PRIDE VOICES: For The Love Of All Things Pride

A few good people have created a movement for change in North Bay…

By Jason Maclennan

Humble beginnings, an idea, a concept, and a determination by a few good people turned into a movement for change and the betterment of all within the City of North Bay.

North Bay Pride has been able to influence change to the point where now a new city development includes gender-neutral washrooms. Local community leaders, including politicians, listen when North Bay Pride has something to say. This shows any Pride can promote change.

North Bay Pride started having organized Pride in 2017. The first major event, which included a march and free picnic, was put together in five weeks. More than 2,500 people marched through downtown North Bay demanding equality and acceptance. Over the next few years leading into 2019, the parade grew to more than 5,500 people, while other events over four days attracted more than about 7,000 people. Now this is talking numbers and influence! Many say that’s nothing – but let’s remember, Sparky, we’re talking about a city of 52,000 people. North Bay Pride has learned the art of collaboration, and it shows.

Henri Giroux and Amanda Farrow-Giroux, who are part of the North Bay Labour Council, came to the community asking why North Bay Pride had no organized Pride. Giroux describes those first few meetings. “Amanda and I were overwhelmed by the response from the 2SLGBTQ+ community when we offered to support a Pride within the community. We had some funds we could use, supplied by local unions. We offered anything to get this off the ground. And five weeks later, we walked with pride with the 2SLGBTQ+ community feeling like a difference was being made for the city of North Bay.”

North Bay Pride’s CEO Clifford Hummel describes his experience, which led him to join its board of directors. “I was not really out at public events such as Pride. I heard several rumours – which turned out not to be true – about the legitimacy of Pride in North Bay. I took my time, watched, and saw the success and the change that was happening in the city. I knew I just had to be part of this organization, which has grown beyond any expectations. I love it!”

Brandon Dadd, who has attended previous events, sums up what Pride can do and has done for him. “North Bay Pride is part of what really made me come out of my shell while I was able to accept and discover who I truly am.”

“North Bay Pride is a movement in our city that we all embrace,” says City of North Bay Mayor Al McDonald. “A city that can bring everyone together is an amazing feat. The journey of inclusion never ends, and North Bay Pride helps all of us focus. ”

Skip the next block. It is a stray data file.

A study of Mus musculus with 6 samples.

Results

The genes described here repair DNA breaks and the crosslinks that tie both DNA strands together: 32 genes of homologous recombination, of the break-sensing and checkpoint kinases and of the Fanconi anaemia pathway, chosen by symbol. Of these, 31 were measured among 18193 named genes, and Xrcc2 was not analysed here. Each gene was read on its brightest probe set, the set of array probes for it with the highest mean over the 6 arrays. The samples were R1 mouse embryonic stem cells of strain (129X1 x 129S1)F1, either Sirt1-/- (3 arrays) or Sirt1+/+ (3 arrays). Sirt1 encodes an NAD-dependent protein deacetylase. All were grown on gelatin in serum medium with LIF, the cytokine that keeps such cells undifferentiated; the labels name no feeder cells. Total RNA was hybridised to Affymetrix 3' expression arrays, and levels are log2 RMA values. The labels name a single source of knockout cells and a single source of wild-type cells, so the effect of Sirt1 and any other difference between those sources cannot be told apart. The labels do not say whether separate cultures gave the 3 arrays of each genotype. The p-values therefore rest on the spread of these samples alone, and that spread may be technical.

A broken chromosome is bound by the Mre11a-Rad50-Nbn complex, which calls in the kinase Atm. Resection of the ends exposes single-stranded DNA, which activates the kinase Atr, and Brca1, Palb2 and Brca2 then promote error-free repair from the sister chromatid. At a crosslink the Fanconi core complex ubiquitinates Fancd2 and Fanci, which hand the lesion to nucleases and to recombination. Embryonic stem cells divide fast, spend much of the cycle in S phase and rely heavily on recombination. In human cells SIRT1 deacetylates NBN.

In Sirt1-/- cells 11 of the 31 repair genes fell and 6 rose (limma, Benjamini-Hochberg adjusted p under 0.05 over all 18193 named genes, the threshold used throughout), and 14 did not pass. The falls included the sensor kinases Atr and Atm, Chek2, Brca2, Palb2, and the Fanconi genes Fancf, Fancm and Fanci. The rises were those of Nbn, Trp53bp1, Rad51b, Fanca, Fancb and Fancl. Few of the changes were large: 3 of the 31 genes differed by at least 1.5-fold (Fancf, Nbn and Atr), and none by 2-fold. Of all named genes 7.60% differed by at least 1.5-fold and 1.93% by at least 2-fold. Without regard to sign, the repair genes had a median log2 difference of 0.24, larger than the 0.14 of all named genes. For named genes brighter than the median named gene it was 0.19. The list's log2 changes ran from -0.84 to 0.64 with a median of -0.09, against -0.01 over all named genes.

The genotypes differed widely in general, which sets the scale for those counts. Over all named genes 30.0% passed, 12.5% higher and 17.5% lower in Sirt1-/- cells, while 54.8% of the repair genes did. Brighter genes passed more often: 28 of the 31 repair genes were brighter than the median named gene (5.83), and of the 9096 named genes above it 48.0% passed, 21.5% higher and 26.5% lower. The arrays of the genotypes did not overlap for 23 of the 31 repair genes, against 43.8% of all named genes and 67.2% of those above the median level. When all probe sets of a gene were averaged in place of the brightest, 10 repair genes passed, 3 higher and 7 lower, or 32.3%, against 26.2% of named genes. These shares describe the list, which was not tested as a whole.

Anthony Rota, Member of Parliament for Nipissing-Timiskaming, has this to say: “Perhaps even more important is the impact of North Bay Pride beyond these ‘official’ days of celebration. Pride promotes awareness – awareness of how far we have come, and that we have more work to do. Awareness that as Canadians, we can be who we are and love who we love, and that the Charter of Rights and Freedoms protects all of us 365 days a year.”

North Bay Pride is finding that balance of being grassroots on issues affecting the 2SLGBTQ+ communities, while celebrating the steps that have moved us forward. It is profoundly important to recognize, and not forget, the influence that Prides around Canada truly have when they all stand together. Prides provoked one of the biggest conversations in 2018 about HIV and the U=U message, which is a prime example of the power of Prides when they remember the basics of what they stand for.

People may constantly see one person up front, or in the news, or speaking in public, but it is always so important to remember they have a team to stand behind them. Prides are growing and learning while making a difference in the world.

As Olivia Nuamah, former executive director of Pride Toronto, said during an interview on Str8 Talk, “What is good for the queer community is good for everyone.” These are wise words to embrace and live by.

*This article is part of our Pride Voices series: We reached out to Pride organizations from coast to coast and asked them for their messages of support to the LGBTQ2S community, as a reminder that Pride is more than just a parade.

JASON MACLENNAN has been involved in human rights for persons affected by HIV and the 2SLGBTQ+ community for several years. He has met with political leaders to involve change for our communities. He recognized there is a gap when it comes to the 2SLGBTQ+ community in the political arena, and is working to change that very issue. You can see him speaking at an event, marching in a demonstration and, on the rare occasion, doing a drag event as Geri Atrick.